Jessica Pegula to face No. 1 seed Iga Swiatek in US Open quarterfinals



NEW YORK — Iga Swiatek covered her head with a white towel during one changeover after falling behind by a set and a break in the US Open’s fourth round Monday. She kept making mistakes, then rolling her eyes or glaring in the direction of her guest box.

Eventually, Swiatek got her strokes straightened out and began playing more like someone who is ranked No. 1, moving into her first quarterfinal at Flushing Meadows by coming back to beat Jule Niemeier 2-6, 6-4, 6-0 in Louis Armstrong Stadium.

“I’m just proud,” Swiatek said, “that I didn’t lose hope.”

The 21-year-old from Poland will face another first-time US Open quarterfinalist next. That’s No. 8 seed Jessica Pegula, the highest-ranked American woman, who advanced earlier Monday with a 6-3, 6-2 victory over two-time Wimbledon winner Petra Kvitova in a match interrupted by rain for 45 minutes during the third game because the retractable roof at Arthur Ashe Stadium was not closed when a drizzle became a downpour.

Pegula called it “a little frustrating,” saying it was particularly tough “at the start of the match, when there’s no feeling of what’s going on. You’re just sitting there in limbo, not sure what to do.”

The U.S. Tennis Association said in a statement that its “weather team” told US Open organizers there was no rain expected. The statement added: “Unfortunately, a pop-up sunshower occurred.”

The other women’s fourth-round matches Monday were two-time Australian Open champion Victoria Azarenka against two-time major finalist Karolina Pliskova, and No. 6 Aryna Sabalenka against No. 19 Danielle Collins.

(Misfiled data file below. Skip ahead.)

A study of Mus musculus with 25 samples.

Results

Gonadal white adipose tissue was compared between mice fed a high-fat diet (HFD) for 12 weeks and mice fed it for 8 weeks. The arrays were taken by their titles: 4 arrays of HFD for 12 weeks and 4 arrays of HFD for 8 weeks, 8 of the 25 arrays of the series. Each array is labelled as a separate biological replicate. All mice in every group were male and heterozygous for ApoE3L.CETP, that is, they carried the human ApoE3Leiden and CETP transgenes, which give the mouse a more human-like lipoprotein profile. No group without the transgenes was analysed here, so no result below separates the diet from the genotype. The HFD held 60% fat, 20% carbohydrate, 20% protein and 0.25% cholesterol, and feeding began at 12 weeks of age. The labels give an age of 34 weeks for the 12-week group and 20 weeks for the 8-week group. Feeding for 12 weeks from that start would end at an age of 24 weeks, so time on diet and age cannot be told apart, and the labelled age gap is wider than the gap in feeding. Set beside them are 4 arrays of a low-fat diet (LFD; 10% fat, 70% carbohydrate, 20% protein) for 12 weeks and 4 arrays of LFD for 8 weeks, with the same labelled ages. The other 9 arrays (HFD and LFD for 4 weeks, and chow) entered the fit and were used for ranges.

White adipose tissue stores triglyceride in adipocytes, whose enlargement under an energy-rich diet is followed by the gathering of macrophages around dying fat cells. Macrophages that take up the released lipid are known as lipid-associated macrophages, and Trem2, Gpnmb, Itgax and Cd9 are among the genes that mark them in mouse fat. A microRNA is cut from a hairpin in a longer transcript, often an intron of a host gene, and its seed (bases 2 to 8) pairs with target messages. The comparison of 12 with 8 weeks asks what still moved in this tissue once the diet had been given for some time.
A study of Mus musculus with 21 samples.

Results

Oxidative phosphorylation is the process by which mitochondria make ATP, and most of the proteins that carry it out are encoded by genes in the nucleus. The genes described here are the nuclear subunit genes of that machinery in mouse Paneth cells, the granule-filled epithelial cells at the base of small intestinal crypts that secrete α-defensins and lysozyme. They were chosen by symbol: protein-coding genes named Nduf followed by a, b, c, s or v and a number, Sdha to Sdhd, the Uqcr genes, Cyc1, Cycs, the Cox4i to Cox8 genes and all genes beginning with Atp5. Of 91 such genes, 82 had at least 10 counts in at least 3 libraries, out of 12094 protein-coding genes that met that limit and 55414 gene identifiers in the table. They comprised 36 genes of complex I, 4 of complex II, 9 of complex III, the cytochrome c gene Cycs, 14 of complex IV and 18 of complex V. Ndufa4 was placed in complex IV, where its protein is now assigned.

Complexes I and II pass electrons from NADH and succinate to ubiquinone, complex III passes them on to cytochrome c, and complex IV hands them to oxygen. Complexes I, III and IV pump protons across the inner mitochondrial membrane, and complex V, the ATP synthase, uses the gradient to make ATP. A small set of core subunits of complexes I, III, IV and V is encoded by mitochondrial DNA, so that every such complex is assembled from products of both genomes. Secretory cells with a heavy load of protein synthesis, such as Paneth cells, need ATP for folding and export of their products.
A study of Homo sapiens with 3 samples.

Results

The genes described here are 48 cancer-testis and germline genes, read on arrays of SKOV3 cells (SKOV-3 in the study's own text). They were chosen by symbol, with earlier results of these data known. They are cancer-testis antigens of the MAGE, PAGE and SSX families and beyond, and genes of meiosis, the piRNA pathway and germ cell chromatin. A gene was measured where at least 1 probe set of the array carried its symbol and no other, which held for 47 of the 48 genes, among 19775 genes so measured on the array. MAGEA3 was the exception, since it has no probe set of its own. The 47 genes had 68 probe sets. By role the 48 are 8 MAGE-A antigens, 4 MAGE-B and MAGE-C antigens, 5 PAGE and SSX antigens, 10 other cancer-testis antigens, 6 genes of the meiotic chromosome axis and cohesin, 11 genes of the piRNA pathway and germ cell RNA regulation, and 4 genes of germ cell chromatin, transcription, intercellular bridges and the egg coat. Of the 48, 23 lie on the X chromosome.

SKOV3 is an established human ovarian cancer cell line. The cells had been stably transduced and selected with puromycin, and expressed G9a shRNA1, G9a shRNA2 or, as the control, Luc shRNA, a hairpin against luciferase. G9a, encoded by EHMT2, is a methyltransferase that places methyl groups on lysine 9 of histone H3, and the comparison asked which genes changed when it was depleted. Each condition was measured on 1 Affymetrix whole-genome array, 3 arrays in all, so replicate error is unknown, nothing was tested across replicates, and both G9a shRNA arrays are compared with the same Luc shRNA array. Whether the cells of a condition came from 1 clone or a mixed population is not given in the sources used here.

Pegula, a 28-year-old who was born in New York and whose parents own the NFL’s Buffalo Bills and NHL’s Buffalo Sabres, reeled off the last three games of Monday’s opening set, which ended with a double fault by No. 21 Kvitova, and then the last six games after trailing 2-0 in the second.

This will be Pegula’s third appearance in a major quarterfinal this season — and third against the woman who led the rankings at the time. She lost to the since-retired Ash Barty at the Australian Open, which Barty ended up winning, then to Swiatek at the French Open, which Swiatek wound up winning for her second championship there.

“I just have to play within myself,” Pegula said, “and play smart and be present.”

Swiatek arrived in New York having gone just 4-4 since the end of a 37-match winning streak that carried her to six consecutive tournament titles. On Monday, she listened to her usual pre-match playlist — a mix of Pearl Jam, AC/DC, Led Zeppelin and Gorillaz — then came out flat as can be against Niemeier, who is ranked 108th but reached the quarterfinals at Wimbledon in July in just her second major tournament.

Niemeier was better in the first set. Far better. Swiatek produced only four winners and 13 unforced errors, got broken twice and never earned a single break point.

Then, just winning the second set to pull even was quite the struggle for Swiatek.

She got broken early and fell behind 2-1, which is when she draped herself with a towel. She seemed to be talking to herself under there.

Whatever went on, Swiatek immediately flipped things around with a three-game run to lead 4-2. Even after getting a chance to serve for that set at 5-3, she double-faulted to close that game.

Nothing, it seemed, would come easily on this muggy afternoon, with the temperature above 80 degrees Fahrenheit (26.7 Celsius) and the humidity above 50%.

But Swiatek did break right back, helped by a wild forehand from Niemeier, and she let out a shout.

To a third set they went, and Swiatek completely cleaned up her act: The unforced error count was one for her and 14 for Niemeier. When it ended, Swiatek jumped and threw an uppercut and shook her right fist.